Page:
Statement by Sri Lanka during the Enhanced Interactive Dialogue on the oral update by the High Commissioner on the human rights implications of the COVID-19 pandemic at the 45th Session of the UN Human Rights Council was made by Ms Dayani Mendis, Actg. Permanent Representative of Sri Lanka to the United Nations in Geneva on 15 September 2020.
45th Session of the Human Rights Council
Agenda Item 2: Enhanced
interactive dialogue on the oral update of the High Commissioner on the human rights impact of the COVID-19 pandemic
14 September 2020
As this Council is aware, last November, the people of Sri Lanka gave a resounding mandate to President Gotabaya Rajapaksa to pursue a policy framework aimed at achieving the fourfold outcome of “a productive citizenry, a contented family, a disciplined and just society and a prosperous nation.”
This historic mandate was renewed by the people at the General Election held last August, with an unprecedented percentage of 59.09% votes, for the first time in the history, in an election held under the Proportional Representation System. This is a clear signal of the support of the people of Sri Lanka for a path forward for the country, towards prosperity while safeguarding the people and protecting the sovereignty of the country without succumbing to any force.
At a time when even highly developed countries in the world were left with a substantial challenge in the wake of the COVID – 19 pandemic, Sri Lanka was able to successfully face the challenge by containing its spread, thanks to a well-coordinated mechanism of preventive measures at the national level, assisted by a robust local healthcare system.
This was a result of a series of measures taken by the Government to mitigate the challenges posed by COVID-19, which have been inclusive, non-discriminatory and holistic, providing foremost importance to safeguarding the health and safety of its people. Such measures included, financially supporting low income families, pensioners and differently-abled, day-income earners and farmers, managing the repatriation of Sri Lankans in a coordinated manner, exploring avenues of business to create new economic trends while supporting existing industries and moving forward to the use of the digital technology including to connect the farmer, consumer and supplier, delivery of essential items and services, and distant education.
The WHO has commended Sri Lanka’s efforts to control COVID-19 more effectively than more resourced countries even with modest means. Sri Lanka is the first in South Asia to have successfully conducted Parliamentary elections early last month with a 71% voter turnout and was among the first countries in South Asia to open schools and bring back children in a safe way, as commended by the UNICEF. Furthermore, the World Travel and Tourism Council (WTTC) has recently stamped Sri Lanka as a safe haven for tourists.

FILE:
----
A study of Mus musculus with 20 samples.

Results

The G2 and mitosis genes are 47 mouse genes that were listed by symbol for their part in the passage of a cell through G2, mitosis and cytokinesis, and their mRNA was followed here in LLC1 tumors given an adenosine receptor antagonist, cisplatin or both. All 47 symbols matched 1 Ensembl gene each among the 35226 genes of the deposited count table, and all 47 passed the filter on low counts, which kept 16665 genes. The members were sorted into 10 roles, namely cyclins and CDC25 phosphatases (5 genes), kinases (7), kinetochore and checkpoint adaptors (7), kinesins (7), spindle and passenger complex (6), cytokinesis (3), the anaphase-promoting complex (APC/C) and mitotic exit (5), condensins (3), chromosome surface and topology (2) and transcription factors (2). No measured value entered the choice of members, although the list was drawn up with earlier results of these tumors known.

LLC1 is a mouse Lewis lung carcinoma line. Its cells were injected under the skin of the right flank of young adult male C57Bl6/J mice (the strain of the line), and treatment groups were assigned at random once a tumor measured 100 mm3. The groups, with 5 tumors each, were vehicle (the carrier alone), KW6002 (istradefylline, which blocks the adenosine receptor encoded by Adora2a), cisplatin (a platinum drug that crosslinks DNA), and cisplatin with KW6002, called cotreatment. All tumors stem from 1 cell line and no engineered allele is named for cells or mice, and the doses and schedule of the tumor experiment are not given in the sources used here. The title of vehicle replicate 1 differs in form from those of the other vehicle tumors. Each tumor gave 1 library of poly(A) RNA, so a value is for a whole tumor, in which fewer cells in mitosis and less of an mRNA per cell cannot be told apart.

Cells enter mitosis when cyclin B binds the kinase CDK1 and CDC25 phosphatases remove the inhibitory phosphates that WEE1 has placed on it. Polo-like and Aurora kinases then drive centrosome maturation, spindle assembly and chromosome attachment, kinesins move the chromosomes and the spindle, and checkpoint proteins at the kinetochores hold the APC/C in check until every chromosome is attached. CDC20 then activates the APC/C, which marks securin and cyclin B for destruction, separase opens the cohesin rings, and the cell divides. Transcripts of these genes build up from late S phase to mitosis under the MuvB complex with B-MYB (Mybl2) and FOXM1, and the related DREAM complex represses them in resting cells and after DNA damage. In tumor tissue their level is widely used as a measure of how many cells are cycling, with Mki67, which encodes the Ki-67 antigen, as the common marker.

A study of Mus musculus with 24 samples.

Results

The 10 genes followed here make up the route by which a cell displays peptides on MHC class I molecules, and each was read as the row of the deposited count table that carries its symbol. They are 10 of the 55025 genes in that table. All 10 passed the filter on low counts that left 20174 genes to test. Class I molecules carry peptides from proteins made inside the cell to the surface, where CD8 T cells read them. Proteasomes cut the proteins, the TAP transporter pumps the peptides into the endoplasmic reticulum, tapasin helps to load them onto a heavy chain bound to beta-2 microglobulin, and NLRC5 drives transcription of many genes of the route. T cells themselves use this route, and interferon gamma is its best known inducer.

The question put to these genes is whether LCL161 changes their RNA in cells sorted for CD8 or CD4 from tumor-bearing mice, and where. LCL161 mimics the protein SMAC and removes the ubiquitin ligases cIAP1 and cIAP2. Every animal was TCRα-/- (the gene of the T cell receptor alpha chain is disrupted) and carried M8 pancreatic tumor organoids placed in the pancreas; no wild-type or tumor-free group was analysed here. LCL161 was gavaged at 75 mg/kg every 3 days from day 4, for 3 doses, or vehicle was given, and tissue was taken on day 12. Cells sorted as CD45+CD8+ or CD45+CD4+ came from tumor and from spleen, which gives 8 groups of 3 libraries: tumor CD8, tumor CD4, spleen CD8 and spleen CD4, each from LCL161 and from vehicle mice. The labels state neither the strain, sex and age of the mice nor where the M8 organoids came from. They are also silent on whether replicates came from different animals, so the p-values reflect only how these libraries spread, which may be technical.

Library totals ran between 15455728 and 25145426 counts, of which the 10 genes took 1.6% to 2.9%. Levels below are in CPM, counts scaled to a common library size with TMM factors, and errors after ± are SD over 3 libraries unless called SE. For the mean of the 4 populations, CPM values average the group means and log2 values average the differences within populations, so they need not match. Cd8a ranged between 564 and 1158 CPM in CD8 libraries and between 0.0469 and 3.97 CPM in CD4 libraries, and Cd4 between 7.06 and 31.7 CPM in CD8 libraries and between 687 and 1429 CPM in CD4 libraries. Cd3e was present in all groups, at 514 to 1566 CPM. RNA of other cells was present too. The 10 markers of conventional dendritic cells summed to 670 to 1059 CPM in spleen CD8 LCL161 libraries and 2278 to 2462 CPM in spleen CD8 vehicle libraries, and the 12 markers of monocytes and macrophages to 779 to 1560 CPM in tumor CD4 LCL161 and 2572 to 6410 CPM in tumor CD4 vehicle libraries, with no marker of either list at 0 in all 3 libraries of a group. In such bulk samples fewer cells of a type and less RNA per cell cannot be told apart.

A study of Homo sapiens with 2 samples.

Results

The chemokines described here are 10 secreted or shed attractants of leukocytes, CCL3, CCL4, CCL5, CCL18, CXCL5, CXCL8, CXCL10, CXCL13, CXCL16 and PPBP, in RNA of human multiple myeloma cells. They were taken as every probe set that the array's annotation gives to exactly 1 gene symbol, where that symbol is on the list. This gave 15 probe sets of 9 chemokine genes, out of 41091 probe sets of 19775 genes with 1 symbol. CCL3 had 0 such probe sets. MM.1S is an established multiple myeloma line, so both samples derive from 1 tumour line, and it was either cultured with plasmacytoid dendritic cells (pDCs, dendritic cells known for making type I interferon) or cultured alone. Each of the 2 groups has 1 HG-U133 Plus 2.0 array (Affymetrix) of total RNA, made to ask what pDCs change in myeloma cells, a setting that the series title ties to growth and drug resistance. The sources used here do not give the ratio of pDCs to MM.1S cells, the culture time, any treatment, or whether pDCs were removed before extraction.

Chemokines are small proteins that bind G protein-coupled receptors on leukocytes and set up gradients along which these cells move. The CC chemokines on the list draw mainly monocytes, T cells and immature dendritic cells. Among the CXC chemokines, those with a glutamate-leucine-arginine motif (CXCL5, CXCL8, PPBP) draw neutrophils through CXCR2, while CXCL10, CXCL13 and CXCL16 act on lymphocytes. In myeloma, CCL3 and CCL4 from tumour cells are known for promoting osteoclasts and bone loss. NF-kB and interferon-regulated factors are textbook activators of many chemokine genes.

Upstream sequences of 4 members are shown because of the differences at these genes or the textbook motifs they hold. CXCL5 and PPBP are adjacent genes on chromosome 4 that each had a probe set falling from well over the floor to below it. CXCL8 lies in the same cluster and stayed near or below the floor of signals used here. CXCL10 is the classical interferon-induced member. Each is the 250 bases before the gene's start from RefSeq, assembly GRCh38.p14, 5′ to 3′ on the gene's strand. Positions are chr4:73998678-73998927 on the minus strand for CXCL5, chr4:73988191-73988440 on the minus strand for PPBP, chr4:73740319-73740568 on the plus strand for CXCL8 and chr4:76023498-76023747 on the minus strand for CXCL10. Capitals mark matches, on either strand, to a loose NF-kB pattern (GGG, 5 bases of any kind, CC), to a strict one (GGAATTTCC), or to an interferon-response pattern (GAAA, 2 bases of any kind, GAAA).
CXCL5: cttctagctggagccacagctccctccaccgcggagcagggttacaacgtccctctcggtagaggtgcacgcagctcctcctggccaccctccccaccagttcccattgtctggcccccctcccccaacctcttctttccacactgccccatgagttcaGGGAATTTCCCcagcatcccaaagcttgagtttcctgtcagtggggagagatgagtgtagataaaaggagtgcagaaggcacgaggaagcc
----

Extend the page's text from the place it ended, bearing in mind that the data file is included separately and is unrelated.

During the height of the COVID-19 pandemic, approximately 1.5 million migrant workers from Sri Lanka were overseas. Many of these migrant workers are facing the grim prospect of losing their jobs and means of livelihood, while some are faced with the challenge of enforced return.
The Government of Sri Lanka has given high priority towards addressing their concerns, providing food and medicines where required, and where possible, working with the host countries to obtain legitimization of their status and medical facilities including testing for COVID-19.
Through a whole-of-Government approach to overcome the challenges and manage the health, quarantine and travel logistics aspects, Sri Lanka is currently in the process of expediting the return of nearly 40,000 migrant workers.
Sri Lanka notes with concern that developing countries are facing an unprecedented economic and debt crisis due to the pandemic. The need for debt relief and financial stimulus for these countries must be duly recognized. It is important to provide necessary financial support to such countries enabling them to face diverse socio-economic consequences caused or aggravated by the pandemic. It is also essential to ensure that all countries have unrestricted access to vital medical resources required to respond to Covid-19 and do not face impediments in their procurement.
Sri Lanka believes in national and regional level initiatives to complement and strengthen the global response to this crisis. Accordingly, Sri Lanka has contributed USD 5 million to the SAARC COVID – 19 Emergency Fund to assist the South Asian region in its efforts to deal with this challenge.
Let me re-affirm Sri Lanka’s unequivocal support to the global efforts towards a comprehensive, collective and effective response to Covid-19, for the benefit of all people.